Screenwriters: Dan Berendsen
Starring: Miley Cyrus, Billy Ray Cyrus, Emily Osment, Jason Earles
Running time: 102 mins
With a hit Disney TV series, platinum album, burgeoning movie career and a place on Forbes's 'The Celebrity 100' rich list at the tender age of 16, Miley Cyrus isn't so much a tween superstar, more a licence to print money. Hannah Montana: The Movie, her latest outing as Miley Stewart - klutzy schoolgirl by day, international singing sensation by night - has already proved a box office hit in the US and now has designs on replicating that success over here.
The story kicks off with Miley in a race to transform into Hannah (all it takes is make-up and a blonde wig) in time for a big concert. As her diva behaviour escalates, dad Robby Ray (Billy Ray Cyrus) attempts to keep her grounded by reminding her she has dishes to clean when she gets home. After upstaging best friend Lilly's (Osment) birthday and furiously brawling with Tyra Banks (Radiohead got off lightly on this evidence) for a pair of zebra pattern stilettos, Robby Ray decides that his daughter needs a reality check and takes her back to Tennessee to reconnect with her roots and tone down the sass.
With her switching personas and identity dilemmas, Hannah resembles a superhero with blurred lines between her real self and alter ego. Though on the surface its concept may seem like a girly alternative to the brawny comic book fare that draws teen boys into cinemas, Hannah Montana's target audience skews younger than the lead star's 16 years. On one hand it presents the everyday problems of growing up, on the other a sexed-up glimpse of adulthood as seen through the eyes of a chirpy, buck-toothed blonde popstrel. It's not surprising that the Montana series has attracted a rabid following from young girls who dream of becoming famous.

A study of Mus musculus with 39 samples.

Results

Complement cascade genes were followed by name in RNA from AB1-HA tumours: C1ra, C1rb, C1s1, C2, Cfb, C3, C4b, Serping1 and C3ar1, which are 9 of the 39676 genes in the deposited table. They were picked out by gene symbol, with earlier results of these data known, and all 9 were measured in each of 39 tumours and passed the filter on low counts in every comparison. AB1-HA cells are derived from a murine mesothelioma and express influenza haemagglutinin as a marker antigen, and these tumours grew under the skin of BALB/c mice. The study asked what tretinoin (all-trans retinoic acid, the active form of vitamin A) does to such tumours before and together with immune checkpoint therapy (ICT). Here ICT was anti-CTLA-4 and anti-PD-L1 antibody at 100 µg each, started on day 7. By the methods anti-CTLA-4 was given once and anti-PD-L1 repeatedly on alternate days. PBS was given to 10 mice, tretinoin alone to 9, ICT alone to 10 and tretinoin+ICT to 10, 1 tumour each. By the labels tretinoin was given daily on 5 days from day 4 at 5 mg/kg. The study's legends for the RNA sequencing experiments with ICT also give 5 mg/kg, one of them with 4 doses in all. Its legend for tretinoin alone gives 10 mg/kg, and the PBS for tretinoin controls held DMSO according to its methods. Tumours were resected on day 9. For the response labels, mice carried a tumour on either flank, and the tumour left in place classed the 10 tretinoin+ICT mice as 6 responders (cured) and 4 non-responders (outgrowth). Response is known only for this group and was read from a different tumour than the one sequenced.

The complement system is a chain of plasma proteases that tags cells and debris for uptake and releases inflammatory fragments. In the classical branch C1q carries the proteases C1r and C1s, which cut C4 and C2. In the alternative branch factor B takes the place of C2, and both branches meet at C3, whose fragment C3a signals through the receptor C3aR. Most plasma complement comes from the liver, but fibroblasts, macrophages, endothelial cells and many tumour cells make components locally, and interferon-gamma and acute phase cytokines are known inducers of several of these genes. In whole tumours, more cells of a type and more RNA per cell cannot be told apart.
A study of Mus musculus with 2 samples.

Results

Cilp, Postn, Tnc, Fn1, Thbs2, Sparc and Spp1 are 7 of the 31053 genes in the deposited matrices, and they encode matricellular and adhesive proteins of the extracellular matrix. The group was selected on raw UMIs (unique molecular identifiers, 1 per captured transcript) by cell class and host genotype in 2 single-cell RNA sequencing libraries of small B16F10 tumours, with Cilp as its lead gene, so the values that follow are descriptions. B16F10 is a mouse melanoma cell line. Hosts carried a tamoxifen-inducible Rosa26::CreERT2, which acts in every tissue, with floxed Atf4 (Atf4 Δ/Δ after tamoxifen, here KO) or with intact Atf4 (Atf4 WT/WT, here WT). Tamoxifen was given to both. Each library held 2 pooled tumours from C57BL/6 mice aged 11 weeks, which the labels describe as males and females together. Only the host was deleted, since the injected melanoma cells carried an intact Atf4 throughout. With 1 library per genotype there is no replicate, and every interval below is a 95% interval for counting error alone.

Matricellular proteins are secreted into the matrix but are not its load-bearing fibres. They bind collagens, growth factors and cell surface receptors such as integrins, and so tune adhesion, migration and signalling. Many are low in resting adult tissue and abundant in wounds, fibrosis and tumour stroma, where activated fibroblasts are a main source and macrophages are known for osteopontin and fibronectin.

With this film, Disney has utilised the same template that set tills ringing for High School Musical 3. Consequently everything that works in HSM3 hits home here, and both movies share similar shortcomings. Like the Zac Efron-fronted threequel, Montana has a cringe-worthy and limp romance, and a finale that conveniently solves an unsolvable problem, ditching any sense of realism to let Miley have everything her way. There's another awkward misstep in a subplot where a weasley British tabloid hack (Peter Gunn) realises the errors of his ways after trying to expose the Hannah/Miley connection. It feels like a deliberate middle finger from Cyrus, biting at the hand that feeds her fame and bank balance.
However, these nitpicks are unlikely to bother the pre-teen demographic, who'll be swept along by a charming, physically exuberant performance from the lead, a mischievous ferret and a brilliant, literally barnstorming hip-hop/country number called 'Hoedown Throwdown' ("Pop it, lock it, polka dot it"). A commercial product it may be, but there's a lot to like in this well-crafted Disney confection, which presents a positive role model who learns the value of family, friendship and the perils of losing that to fame and popularity.